Young Brit-Asian married couples are more commonly living independently from family. Educated daughter-in-laws find it difficult to adapt to the traditional demands by in-laws and in return in-laws find it hard to understand new ways and accept change causing conflict and differences in opinion.

This scene is the visualisation of a divorced British Asian couple with young children.

This scene is a reflection of British Asian parenting and society today. And there does not seem to be a fix to the problem in sight.

Has tolerance in couples and expectations overridden cultural values and impact on future generations? These are questions being asked of today’s British Asian society.

Divorce in South Asian society was once a very taboo subject and very seldom heard of, even in the UK.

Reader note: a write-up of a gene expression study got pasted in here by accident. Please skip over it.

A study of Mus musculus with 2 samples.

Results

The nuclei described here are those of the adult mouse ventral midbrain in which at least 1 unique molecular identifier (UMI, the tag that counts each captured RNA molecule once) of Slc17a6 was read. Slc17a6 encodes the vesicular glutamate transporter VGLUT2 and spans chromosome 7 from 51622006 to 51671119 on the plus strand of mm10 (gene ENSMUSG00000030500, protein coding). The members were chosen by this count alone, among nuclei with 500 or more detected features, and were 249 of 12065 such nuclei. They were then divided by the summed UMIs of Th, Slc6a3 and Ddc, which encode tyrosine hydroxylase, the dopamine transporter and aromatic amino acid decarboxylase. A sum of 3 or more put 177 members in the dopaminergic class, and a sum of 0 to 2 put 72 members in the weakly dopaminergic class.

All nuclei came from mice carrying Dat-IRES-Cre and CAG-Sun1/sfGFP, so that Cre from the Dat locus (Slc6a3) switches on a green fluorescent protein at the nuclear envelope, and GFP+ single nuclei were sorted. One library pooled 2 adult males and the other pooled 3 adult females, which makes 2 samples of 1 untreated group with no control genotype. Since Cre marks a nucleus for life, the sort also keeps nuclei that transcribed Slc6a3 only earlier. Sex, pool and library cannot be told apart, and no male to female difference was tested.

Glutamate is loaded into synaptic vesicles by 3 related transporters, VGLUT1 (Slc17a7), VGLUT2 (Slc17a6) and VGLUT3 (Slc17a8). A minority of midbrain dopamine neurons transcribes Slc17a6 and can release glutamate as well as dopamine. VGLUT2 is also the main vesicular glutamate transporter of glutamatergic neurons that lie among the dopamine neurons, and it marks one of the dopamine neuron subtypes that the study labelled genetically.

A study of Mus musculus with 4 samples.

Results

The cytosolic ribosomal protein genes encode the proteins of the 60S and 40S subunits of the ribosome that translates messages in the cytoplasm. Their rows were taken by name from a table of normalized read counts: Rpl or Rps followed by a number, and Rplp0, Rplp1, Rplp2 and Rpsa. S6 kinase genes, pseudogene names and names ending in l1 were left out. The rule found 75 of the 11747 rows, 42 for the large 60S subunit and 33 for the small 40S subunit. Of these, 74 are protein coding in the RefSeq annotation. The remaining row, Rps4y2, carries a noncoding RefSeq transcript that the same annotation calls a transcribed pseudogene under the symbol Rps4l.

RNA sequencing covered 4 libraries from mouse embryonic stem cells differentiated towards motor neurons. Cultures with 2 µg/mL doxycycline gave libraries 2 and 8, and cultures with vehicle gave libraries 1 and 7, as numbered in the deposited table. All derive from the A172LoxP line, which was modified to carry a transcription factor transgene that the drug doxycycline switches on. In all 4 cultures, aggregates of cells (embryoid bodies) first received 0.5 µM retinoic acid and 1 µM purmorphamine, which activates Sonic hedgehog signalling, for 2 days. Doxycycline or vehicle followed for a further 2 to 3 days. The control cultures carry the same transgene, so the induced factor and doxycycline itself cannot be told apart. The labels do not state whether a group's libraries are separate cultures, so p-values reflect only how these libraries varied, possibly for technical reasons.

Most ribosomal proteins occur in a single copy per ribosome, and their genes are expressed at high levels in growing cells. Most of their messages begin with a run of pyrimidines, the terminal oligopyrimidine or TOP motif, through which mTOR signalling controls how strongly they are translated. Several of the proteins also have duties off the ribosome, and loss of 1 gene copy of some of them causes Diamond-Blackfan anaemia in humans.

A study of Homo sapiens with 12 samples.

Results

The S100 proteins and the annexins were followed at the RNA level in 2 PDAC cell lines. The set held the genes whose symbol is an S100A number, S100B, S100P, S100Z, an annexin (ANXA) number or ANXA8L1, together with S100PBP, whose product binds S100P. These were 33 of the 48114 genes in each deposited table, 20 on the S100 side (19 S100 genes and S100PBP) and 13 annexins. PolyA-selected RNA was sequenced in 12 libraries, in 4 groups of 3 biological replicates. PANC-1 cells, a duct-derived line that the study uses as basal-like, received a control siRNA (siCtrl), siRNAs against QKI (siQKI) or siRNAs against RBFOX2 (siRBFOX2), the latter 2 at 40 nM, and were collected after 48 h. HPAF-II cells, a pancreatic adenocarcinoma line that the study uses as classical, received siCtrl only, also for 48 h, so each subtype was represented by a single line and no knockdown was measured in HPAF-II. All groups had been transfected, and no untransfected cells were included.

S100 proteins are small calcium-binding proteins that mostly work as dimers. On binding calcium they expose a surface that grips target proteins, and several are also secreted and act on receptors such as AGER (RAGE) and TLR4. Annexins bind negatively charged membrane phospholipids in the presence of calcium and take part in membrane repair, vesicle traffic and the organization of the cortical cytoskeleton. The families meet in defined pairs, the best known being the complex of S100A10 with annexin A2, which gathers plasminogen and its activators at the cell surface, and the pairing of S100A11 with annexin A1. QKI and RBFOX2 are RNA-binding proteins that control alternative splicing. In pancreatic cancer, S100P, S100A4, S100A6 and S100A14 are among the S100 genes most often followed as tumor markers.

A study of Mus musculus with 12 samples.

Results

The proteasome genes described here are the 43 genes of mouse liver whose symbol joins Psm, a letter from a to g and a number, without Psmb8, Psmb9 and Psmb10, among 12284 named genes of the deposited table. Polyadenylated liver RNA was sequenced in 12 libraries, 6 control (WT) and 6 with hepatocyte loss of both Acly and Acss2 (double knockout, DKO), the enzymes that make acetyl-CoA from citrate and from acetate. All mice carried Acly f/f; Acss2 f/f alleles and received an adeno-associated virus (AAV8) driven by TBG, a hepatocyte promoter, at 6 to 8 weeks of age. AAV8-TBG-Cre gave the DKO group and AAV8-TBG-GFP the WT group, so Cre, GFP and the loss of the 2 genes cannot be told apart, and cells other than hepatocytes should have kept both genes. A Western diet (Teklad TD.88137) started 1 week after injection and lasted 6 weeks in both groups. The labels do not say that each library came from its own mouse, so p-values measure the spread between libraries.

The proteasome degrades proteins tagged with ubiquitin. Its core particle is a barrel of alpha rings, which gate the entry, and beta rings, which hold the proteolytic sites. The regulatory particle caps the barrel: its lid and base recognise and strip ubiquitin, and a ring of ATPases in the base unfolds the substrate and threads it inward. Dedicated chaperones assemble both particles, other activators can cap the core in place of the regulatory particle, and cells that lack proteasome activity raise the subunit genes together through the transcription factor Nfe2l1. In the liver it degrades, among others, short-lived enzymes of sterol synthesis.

Marriage is always seen as a key milestone in Brit-Asian life.

A UK National Statistics report says the highest proportions of married couples under pension age, with or without children, are were in Asian households.

They felt part of mainstream British society much more comfortably than previous generations.

This led to marriage not becoming the priority in their lives because careers, business and status took centre stage. The trend in arranged marriages declined and the concept of meeting your own partners began to grow.

On a Sunday afternoon, a British Asian man waits in a car and you see two young children in the back seats.

A few moments later a British Asian woman walks up and stands a distance away from the car.

However, this shift in education also introduced more freedom and liberalisation in the next generations of British Asians.